Hey everyone! Glad you’re here.
I wanted to title this post “How To Mix Drums”, but decided that would be misleading. Honestly, I would love to be able to present you with a method or formula that you could follow in order to guarantee a great sounding drum mix every time.
The truth is, however, it simply doesn’t work like that.
Although I have mixed drums many times, I don’t have a “formula”. However, I still usually manage to get good sounding drum mixes. I do it using tips, techniques, and fundamentals that I’ve learned over the last couple years of mixing. Today, I want to share with you some of my top tips for drum mixing.
Get a good drum recording
This may not be what you want to hear, but it’s the truth: you can’t get a great drum mix without a great drum recording. The fact is, mixing is all about making something that already sounds great sound better, not making something that sounds bad magically start to sound good.
So maybe you’re just mixing a project and have no say over how the drums were recorded. In which case, I understand. You’ll have to make do with what you have. But you can only get so far with poor recordings. No mixing trick is going to produce a professional sounding drum mix from a poor drum recording.
If, however, you are recording the project as well as mixing it, make the drums sound as good as you possibly can on the way in. This means using good drums, good heads, tuning them properly, and having a good drummer provide a good performance. Do your work on the front end, and your mixes will thank you.
Mix from the outside in
So now that we have a good sounding drum recording, what can we do next? Personally, I like to mix the drums from the “outside in”. I’ll route all of the tracks to a “Drums” bus, and start my EQ and Compression there. The processing on this bus will be applied to all of the tracks coming into it, so if I can get the drums sounding pretty good at that level, then my work is getting close to being done.
After I’ve processed the bus, then I will go in and deal with the individual tracks if needed. If I’ve done a good job at the bus level, then most of the sonic issues should be dealt with and the tracks should be starting to sound pretty good. However, some processing at the track level is also usually needed.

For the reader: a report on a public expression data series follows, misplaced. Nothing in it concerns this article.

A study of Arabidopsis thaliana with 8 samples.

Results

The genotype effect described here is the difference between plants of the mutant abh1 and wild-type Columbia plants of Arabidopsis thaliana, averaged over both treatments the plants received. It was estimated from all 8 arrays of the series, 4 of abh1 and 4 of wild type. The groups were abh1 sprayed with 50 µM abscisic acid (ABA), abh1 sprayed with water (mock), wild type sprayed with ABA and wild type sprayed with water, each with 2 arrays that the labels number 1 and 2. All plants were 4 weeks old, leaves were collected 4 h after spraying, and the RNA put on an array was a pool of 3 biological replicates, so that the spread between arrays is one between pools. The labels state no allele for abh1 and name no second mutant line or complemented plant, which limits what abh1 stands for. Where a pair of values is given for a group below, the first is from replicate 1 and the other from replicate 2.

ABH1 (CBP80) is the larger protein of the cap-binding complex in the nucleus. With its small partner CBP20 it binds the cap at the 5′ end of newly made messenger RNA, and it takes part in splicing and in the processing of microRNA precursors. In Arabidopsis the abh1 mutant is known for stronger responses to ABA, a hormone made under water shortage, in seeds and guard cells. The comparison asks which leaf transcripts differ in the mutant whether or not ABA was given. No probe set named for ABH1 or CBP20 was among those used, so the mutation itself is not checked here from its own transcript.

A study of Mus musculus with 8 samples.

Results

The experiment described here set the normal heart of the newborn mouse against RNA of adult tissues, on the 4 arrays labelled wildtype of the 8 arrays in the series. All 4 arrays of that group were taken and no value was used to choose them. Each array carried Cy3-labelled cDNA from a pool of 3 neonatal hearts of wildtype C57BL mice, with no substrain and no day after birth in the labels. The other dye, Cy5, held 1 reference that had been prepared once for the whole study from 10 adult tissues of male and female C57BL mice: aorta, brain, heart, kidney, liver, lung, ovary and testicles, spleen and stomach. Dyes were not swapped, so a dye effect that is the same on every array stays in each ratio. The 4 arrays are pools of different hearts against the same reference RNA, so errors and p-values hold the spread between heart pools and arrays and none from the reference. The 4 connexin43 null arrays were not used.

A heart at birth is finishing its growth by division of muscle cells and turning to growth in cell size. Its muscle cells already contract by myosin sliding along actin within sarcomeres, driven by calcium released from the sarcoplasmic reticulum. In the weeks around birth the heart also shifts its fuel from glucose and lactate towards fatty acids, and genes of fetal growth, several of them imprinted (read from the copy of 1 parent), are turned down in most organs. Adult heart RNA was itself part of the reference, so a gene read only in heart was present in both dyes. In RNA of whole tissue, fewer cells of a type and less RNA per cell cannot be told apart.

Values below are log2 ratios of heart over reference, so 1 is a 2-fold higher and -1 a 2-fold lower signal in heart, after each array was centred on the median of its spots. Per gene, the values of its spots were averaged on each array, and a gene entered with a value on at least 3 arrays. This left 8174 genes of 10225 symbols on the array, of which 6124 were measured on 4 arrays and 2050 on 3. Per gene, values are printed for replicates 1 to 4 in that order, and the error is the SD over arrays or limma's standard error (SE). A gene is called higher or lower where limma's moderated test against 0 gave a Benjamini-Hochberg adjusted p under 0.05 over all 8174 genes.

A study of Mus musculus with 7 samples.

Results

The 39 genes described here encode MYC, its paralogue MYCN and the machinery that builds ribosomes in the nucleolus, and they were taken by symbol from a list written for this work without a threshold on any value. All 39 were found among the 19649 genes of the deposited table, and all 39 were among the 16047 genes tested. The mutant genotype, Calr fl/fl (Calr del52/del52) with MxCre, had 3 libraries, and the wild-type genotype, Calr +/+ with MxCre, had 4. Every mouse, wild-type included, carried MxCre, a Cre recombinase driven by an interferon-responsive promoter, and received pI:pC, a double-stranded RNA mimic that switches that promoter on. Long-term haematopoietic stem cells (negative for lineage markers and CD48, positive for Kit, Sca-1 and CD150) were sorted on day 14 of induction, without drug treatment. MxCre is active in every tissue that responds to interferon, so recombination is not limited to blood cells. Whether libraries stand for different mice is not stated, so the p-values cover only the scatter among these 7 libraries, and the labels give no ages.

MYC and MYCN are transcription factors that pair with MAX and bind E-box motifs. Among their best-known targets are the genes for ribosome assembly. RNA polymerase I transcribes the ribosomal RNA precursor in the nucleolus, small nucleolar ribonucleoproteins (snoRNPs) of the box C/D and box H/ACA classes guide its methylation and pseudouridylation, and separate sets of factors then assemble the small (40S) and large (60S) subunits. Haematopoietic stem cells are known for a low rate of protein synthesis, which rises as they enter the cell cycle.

Cut around 300-400Hz
This is one of those “rules” that I follow. There aren’t many rules, but for drums, there is usually some frequency in the 300-400Hz range that just sounds bad. It sounds boxy, cheap and muffled. Cutting this out at the bus level, and sometimes at the track level as well, will clean up your drum mix quite a lot.
Tasteful EQ and compression
EQ and Compression. The only two plugins you need for a great mix. Use them. Learn them. Use EQ to cut the frequencies that don’t sound good, or have unpleasant build-up. Remember that we’re not removing those frequencies, but balancing them. If you want, apply some boosts to frequencies that sound good. I usually boost wide, subtly, and sparingly. Often I will look for places to cut first, before deciding to boost.
Use compression to get some smack out of the drums. I will often compress the bus, the individual drums, and sometimes the overheads. If I have a room mic, I will usually compress the daylights out of it with a fast attack and slow release to mix in some energy with the rest of the drum mix.
Finally, the way to get great drum mixes is to just go and mix drums. Practice your tools, try out new things, learn new techniques. There are so many more things I could mention here, but in favor of the 80/20 rule, I’ll stop here. Get out there, mix some music, get some practice, and your drums will start to sound better than you could ever have imagined.
Do you have drum mixing tips that work well for you? Leave a comment!